While, as a commenter recently noted, I am not a “TMI blogger,” I have occasionally blogged about some of my, er, weight issues over the last few months here at The Frisky. Back at the end of May, I wrote a post about how I was fatter than I’d ever been in my life. I asked for your help in getting started exercising, and you gave me some great tips. By early July, I was able to buy my first pair of skinny jeans. By the end of July, I figured I’d lost about 10 pounds. Now I think I’ve lost a total of about 20 pounds since I started. (I don’t have a scale, so I’m estimating.) After the jump, here’s what I learned. 1. Forget The Scale. I have a general idea of how much I weighed when I began this process because I went to the doctor and practically fell over when they weighed me. I’m not a small girl. I’m a big girl. I’m 6’1″, and I’d probably have done well if I’d become the basketball player my father would have wanted. I’ve rarely been “skinny” in my life. That’s just not how I’m built. But I have been pretty low in the digits a couple times in my life. I think not having a scale at home helped. I’m not sure I can say exactly why, but I think it had to do with the fact that it forced me to relate to my body, not a number.

2. Just Move Something. This sounds simple and obvious, but in a way it really wasn’t. By the time I’d gotten to my maximum weight, which I’d reached in part because I had kidney stones and spent a couple months lying on a sofa, the idea of moving at all seemed total overwhelming and impossible. I can still remember how wretched it felt to even go for those early exercise walks. I was stiff, in pain, and brimming with self-loathing. The responses I got from readers were really helpful, and I think made the truth subconsciously clear: It didn’t matter what I did, as long as I wasn’t prone on a piece of furniture.

3. Don’t Be Impatient. Easier said than done, but if I’d known from the get-go that it was going to take me two months just to lose the first 10 pounds, I would have gotten in a snit. I wanted to lose the first 10 pounds in 30 days. Well, that’s a nice goal, but it’s not reality. And if you’d told me back then that it was going to take me five months to lose 20, I would have given up. But that’s how long it took. In the end, time didn’t matter. What mattered was that I did it.

4. Forget Complicated Plans. To each her own, so maybe having a complex diet and exercise regime works for you. Lord knows it didn’t for me. I would say I lost weight by “exercising more and eating better.” Wow. How … novel. I mean, who would’ve thought? For me, it wasn’t about Atkins, PX90, or whatever else. It was about a slow commitment to getting out of the house and stuffing less fattening foods into my word hole. I think making it more complicated than that can make you feel overwhelmed. I cut back on carbs and pumped up my intake of fruits and vegs. I walked and did yoga. That’s about it.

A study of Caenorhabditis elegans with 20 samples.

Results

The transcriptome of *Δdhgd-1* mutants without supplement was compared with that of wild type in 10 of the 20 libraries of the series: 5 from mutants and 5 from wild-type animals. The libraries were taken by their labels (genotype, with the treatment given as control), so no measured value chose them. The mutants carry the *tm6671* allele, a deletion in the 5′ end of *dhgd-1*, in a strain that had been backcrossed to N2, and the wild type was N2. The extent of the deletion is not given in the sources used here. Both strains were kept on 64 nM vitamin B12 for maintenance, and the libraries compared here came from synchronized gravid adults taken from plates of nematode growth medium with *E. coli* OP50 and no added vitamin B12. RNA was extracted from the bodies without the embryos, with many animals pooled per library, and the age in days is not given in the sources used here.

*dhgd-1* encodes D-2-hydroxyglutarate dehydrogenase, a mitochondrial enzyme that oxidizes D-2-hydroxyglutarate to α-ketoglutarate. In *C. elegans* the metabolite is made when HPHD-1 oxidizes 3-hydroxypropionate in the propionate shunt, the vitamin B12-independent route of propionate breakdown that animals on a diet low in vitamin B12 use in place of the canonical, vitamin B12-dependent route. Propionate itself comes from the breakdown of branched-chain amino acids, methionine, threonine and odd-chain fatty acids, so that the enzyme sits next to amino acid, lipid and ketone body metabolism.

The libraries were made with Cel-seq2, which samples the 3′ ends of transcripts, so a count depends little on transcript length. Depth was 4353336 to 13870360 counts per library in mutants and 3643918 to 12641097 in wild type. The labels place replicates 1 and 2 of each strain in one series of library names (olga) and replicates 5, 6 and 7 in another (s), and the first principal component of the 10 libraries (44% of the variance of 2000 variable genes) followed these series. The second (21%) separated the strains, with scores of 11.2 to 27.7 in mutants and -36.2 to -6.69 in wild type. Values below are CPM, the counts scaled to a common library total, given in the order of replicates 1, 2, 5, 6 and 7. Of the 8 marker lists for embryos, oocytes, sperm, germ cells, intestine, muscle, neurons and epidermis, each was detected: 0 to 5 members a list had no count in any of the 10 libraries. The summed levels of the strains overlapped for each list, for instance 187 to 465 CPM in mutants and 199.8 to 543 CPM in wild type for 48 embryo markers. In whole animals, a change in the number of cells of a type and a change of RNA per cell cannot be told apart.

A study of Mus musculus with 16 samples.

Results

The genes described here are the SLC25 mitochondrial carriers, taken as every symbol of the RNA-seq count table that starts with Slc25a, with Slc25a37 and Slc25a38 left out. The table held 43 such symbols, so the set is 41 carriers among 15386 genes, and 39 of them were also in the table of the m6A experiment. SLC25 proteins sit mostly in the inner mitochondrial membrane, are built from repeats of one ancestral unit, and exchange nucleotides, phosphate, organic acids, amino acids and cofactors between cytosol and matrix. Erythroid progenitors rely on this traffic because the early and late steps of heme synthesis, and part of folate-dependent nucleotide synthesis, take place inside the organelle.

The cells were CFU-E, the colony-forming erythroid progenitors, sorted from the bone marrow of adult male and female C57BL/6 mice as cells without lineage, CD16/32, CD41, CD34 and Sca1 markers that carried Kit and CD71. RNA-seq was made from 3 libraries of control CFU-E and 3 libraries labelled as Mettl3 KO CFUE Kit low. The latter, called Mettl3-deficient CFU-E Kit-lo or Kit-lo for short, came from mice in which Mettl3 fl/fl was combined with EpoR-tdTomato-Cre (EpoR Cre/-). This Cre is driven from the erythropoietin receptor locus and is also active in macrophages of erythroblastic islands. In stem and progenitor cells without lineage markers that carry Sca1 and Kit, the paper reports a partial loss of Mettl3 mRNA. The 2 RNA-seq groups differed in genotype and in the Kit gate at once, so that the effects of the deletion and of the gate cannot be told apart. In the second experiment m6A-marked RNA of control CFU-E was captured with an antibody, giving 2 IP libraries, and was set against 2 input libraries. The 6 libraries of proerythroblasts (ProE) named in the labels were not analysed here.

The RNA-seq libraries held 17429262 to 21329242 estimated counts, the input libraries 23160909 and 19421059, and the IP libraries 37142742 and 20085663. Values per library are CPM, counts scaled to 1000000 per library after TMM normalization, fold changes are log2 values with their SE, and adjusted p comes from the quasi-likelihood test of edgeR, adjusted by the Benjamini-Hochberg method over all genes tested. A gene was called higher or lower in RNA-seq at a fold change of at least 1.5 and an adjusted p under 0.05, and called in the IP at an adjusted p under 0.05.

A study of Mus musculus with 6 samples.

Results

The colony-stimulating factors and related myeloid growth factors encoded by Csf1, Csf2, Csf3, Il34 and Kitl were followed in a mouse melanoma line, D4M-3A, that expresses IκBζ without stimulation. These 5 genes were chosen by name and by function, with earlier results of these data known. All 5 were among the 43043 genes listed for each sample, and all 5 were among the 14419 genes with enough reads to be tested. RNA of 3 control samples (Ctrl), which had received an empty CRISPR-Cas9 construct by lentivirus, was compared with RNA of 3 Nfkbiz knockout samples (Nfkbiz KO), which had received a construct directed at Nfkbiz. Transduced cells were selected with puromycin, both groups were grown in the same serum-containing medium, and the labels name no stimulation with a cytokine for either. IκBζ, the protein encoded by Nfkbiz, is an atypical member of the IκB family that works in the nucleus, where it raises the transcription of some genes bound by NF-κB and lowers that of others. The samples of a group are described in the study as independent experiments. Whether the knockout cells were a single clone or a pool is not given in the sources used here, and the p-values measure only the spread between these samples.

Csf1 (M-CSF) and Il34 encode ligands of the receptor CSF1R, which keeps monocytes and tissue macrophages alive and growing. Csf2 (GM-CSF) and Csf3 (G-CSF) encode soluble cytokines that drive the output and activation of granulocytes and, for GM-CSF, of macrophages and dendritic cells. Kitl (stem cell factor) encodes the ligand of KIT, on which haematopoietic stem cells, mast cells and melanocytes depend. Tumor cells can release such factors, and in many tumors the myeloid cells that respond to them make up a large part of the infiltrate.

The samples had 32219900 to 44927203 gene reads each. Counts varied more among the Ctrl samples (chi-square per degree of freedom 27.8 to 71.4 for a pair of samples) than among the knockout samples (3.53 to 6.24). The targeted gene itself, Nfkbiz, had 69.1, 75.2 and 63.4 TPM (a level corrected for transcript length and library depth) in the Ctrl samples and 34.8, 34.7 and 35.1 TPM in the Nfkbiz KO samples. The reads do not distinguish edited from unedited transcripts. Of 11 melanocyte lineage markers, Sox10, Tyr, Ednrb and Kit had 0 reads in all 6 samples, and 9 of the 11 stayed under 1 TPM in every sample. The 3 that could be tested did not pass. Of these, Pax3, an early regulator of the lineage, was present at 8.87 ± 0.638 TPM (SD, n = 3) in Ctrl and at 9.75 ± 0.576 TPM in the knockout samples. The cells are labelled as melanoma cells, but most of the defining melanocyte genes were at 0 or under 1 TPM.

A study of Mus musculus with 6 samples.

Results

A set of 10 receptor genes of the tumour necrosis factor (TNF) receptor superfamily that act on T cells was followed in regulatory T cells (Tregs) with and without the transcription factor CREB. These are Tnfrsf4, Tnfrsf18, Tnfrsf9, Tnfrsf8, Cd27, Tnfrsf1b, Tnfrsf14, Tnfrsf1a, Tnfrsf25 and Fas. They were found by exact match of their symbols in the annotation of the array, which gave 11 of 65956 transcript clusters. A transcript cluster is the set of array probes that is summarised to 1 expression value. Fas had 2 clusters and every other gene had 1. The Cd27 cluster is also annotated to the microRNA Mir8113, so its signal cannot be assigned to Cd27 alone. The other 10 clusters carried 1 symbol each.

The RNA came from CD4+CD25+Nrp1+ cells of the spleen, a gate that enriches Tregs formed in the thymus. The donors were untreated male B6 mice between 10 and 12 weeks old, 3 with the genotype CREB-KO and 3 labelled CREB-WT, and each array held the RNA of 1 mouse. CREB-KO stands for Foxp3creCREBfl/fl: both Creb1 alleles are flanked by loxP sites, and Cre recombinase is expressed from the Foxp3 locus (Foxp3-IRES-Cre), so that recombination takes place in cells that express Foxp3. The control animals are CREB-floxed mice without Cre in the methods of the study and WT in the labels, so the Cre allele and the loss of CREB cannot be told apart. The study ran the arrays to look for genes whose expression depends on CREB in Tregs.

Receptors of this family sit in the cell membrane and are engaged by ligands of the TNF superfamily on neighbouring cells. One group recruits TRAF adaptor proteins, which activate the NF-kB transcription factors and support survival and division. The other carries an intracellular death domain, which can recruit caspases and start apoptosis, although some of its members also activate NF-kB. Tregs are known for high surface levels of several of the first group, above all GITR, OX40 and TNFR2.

5. Your Body Will Change You. I think the biggest thing for me is how my body has changed. I feel better, and my body looks different. It’s also a little strange. I have scapulae I hadn’t seen in a while. I sat on the curb the other day, and I could feel my butt bones. I dropped from a size 14 to a size 9, but it’s more about how my body looks than how my clothes fit. I feel more confident, and it’s easier to buy clothes. At the same time, where did my rear end go? I would like it back, please.

6. Enough With The Self-Hate. If you like your weight, no matter what that weight is, GREAT. More power to you. I didn’t like how I felt at the weight I was, and that’s why I lost it. What I wish I could take back isn’t the weight that I gained that necessitated weight loss, but I wish I could go back in time and stop the endless internal self-bashing that I imposed on myself when I felt I weighed more than I should. That crap was like shackles that held me down and kept me from moving forward. I regret that when I weighed more, I liked myself less.

7. What Else Helped. During this time, I also relocated and changed my life. That I did so may or may not be related to the weight loss. I think they were all part of a bigger something. Unfortunately, part of how I lost the second 10 pounds was due to stress: the stress of moving, the stress of changing my life, the stress of starting over. Do. Not. Recommend. I’m probably more likely to gain that weight back because I lost it under duress. Still, I’ve got something that’s starting to look like a new life, and I can actually see daylight between my thighs, and about those two things, you won’t hear my complaining.